Housing Complex

Universities Run Preemptive Defense Against Cash-Strapped D.C. Government

George Washington's new Science and Engineering Complex, which won't generate property taxes.

If you're a university sitting on lots of land in the District that isn't taxed by virtue of your status as a non-profit institution, you'd be right to get worried: The Council is on the prowl for more revenue sources, and with the federal government not about to start paying property taxes anytime soon, higher education has a target on its head. In fact, Councilmember Mary Cheh is already threatening to make D.C.'s universities pay up, following in the footsteps of cities like Chicago and Boston.

On Thursday, the Consortium of Universities of the Washington Metropolitan Area will hit back with a study by our old friend Stephen Fuller that documents how many dollars and jobs the region's educational institutions funnel into the region's economy. According to the advance release, the Consortium's 14 members—11 of which are located in D.C.—employ 200,000 people who earn $3 billion collectively every year, and bring down $21 billion in federal funding for research and development. Their students, 63 percent of whom moved to the Washington area to attend school, apparently contribute 600,000 hours of community service every year as well.

I don't think anyone doubts that universities are a positive influence on the District's fiscal health, base of employment, intellectual life, and cultural vibrance. But should that be enough to keep them off the tax rolls? If it prevents them from outsourcing operations to surrounding jurisdictions, as they've already been doing—and which is also tempting because of the advantage of having voting representatives in Congress—then perhaps the answer is yes. But you do have to ask whether they're inherently more worthy than a small business that also provides jobs and may help communities as much if not more.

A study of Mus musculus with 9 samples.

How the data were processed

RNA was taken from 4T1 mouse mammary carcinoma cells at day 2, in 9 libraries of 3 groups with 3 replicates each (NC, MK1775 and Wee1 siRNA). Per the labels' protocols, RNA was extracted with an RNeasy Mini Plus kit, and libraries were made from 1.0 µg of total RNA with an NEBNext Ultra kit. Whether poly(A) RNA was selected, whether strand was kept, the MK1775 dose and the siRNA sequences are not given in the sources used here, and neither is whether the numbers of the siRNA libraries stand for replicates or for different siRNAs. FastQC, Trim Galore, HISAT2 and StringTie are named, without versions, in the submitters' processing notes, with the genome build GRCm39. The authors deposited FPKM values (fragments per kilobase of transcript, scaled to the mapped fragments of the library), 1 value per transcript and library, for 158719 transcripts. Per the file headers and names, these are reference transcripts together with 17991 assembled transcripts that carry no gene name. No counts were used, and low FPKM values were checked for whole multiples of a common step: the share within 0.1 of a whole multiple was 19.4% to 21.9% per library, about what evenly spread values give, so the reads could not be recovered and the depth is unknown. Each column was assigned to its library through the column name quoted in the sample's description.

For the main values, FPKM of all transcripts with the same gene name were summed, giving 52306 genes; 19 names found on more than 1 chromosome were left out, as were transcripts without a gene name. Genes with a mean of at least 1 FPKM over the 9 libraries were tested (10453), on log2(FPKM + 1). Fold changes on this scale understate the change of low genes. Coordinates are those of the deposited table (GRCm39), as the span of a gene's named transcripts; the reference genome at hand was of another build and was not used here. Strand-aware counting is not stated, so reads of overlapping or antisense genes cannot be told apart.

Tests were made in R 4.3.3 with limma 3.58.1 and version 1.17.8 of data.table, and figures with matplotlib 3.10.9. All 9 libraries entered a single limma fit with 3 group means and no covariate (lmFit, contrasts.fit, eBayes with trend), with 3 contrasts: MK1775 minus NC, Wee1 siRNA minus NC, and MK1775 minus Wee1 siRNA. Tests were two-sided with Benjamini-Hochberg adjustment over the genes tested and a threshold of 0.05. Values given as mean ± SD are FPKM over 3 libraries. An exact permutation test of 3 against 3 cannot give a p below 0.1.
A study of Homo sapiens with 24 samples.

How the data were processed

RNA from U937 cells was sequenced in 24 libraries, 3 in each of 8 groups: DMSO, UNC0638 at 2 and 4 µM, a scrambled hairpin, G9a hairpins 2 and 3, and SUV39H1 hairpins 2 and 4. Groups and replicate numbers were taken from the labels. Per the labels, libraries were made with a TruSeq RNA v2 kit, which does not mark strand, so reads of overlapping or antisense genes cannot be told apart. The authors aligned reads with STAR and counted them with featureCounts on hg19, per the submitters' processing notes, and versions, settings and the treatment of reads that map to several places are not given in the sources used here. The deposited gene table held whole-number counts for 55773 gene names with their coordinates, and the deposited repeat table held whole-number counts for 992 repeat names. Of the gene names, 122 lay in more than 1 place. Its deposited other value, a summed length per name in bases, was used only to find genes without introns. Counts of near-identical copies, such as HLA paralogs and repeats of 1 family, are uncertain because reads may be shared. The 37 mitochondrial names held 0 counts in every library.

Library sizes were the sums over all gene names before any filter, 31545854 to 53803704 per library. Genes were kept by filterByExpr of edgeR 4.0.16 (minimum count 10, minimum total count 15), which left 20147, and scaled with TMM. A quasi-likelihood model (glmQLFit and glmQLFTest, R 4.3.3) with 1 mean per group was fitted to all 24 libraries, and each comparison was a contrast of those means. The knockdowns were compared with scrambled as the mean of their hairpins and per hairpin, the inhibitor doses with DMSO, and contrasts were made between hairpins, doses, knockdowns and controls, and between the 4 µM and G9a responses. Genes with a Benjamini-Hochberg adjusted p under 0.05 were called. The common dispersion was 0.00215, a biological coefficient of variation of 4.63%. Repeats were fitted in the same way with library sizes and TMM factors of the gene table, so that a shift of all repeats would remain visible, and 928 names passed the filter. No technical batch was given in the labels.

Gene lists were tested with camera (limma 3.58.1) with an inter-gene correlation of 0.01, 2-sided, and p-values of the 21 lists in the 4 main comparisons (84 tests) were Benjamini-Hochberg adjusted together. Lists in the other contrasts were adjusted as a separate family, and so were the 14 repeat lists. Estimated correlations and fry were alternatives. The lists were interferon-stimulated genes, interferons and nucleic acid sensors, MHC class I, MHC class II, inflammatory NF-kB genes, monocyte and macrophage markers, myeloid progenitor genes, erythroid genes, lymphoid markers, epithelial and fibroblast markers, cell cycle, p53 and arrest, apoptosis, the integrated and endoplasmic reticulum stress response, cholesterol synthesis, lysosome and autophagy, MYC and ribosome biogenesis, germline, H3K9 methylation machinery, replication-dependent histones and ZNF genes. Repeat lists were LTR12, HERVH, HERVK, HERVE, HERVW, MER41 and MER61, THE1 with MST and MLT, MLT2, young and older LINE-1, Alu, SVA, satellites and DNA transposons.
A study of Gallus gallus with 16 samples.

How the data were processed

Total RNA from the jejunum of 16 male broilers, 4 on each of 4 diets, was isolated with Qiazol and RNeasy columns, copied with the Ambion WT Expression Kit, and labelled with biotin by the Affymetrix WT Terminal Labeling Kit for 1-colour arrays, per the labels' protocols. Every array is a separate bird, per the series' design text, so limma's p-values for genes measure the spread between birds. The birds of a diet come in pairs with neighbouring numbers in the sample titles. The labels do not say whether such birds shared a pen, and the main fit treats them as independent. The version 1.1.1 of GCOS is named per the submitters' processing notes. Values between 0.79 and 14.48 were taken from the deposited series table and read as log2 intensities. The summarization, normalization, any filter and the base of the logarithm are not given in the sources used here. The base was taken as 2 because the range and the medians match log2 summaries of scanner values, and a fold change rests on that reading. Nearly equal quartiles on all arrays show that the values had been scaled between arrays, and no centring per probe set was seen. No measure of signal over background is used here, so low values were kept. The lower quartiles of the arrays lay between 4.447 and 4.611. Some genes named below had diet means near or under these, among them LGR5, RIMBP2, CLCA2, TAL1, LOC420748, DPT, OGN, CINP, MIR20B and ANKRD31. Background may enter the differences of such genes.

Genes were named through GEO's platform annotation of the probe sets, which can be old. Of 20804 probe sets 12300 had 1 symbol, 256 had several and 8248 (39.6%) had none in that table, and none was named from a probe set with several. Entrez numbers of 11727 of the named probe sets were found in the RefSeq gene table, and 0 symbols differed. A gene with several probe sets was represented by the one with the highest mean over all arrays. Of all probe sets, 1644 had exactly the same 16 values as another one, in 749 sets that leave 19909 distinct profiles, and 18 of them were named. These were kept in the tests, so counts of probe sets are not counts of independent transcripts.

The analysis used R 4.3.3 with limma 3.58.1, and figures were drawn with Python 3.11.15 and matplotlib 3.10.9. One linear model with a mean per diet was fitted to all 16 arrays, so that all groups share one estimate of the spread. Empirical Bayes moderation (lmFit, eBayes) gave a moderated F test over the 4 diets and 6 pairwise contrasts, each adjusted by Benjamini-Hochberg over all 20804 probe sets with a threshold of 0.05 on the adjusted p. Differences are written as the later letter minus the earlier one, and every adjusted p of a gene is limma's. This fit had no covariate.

• Dizzy


    The Comprehensive Plan, which OP and GU's neighbors cited at one of the campus plan hearings, pretty much explicitly states that DC universities are supposed to create satellite campuses outside of DC, because land inside the District is too valuable to be taken up by non-taxable entities. So the purpose of tax-exempt status can't be to keep them from doing so...

    There are two basic questions.

    1. Should non-profits be exempt from (some or all) taxes? 2. If yes, are non-profit universities really non-profits of the sort that we want to exempt, or are they materially different from other non-profits?

    We tax lots of "beneficial" and "productive" things - that's not the argument. It is whether education is, like charity, advocacy, and other non-profit status fields, something that we want to especially privilege.

  • http://marketurbanism.com Stephen Smith

    My ideal scenario would be to tax them at the same rate as private businesses (or at least as close to it as you can get), but rather than doing it as a revenue-generating measure, I'd like to see the extra revenue raised used to lower property taxes across the board. Mainstream libertarians/Republicans have had a lot of really shitty ideas, but the idea of "broad base, low rates" taxation is a very good one.

  • Wrack

    Isn't this basically a dead issue at this point? The Council just passed the budget, and revenues will likely start climbing upward from this point on -- without a tax on universities.

  • http://distcurm.blogspot.com/ IMGoph

    I don't think anyone doubts that universities are a positive influence on the District's fiscal health, base of employment, intellectual life, and cultural vibrance.

    I dunno, I feel like you could find a few people in the AU/CUA/GWU/GU "anti" camps who would say that the schools are nothing but a nuisance, and provide nothing positive. Some of them seem that nutty.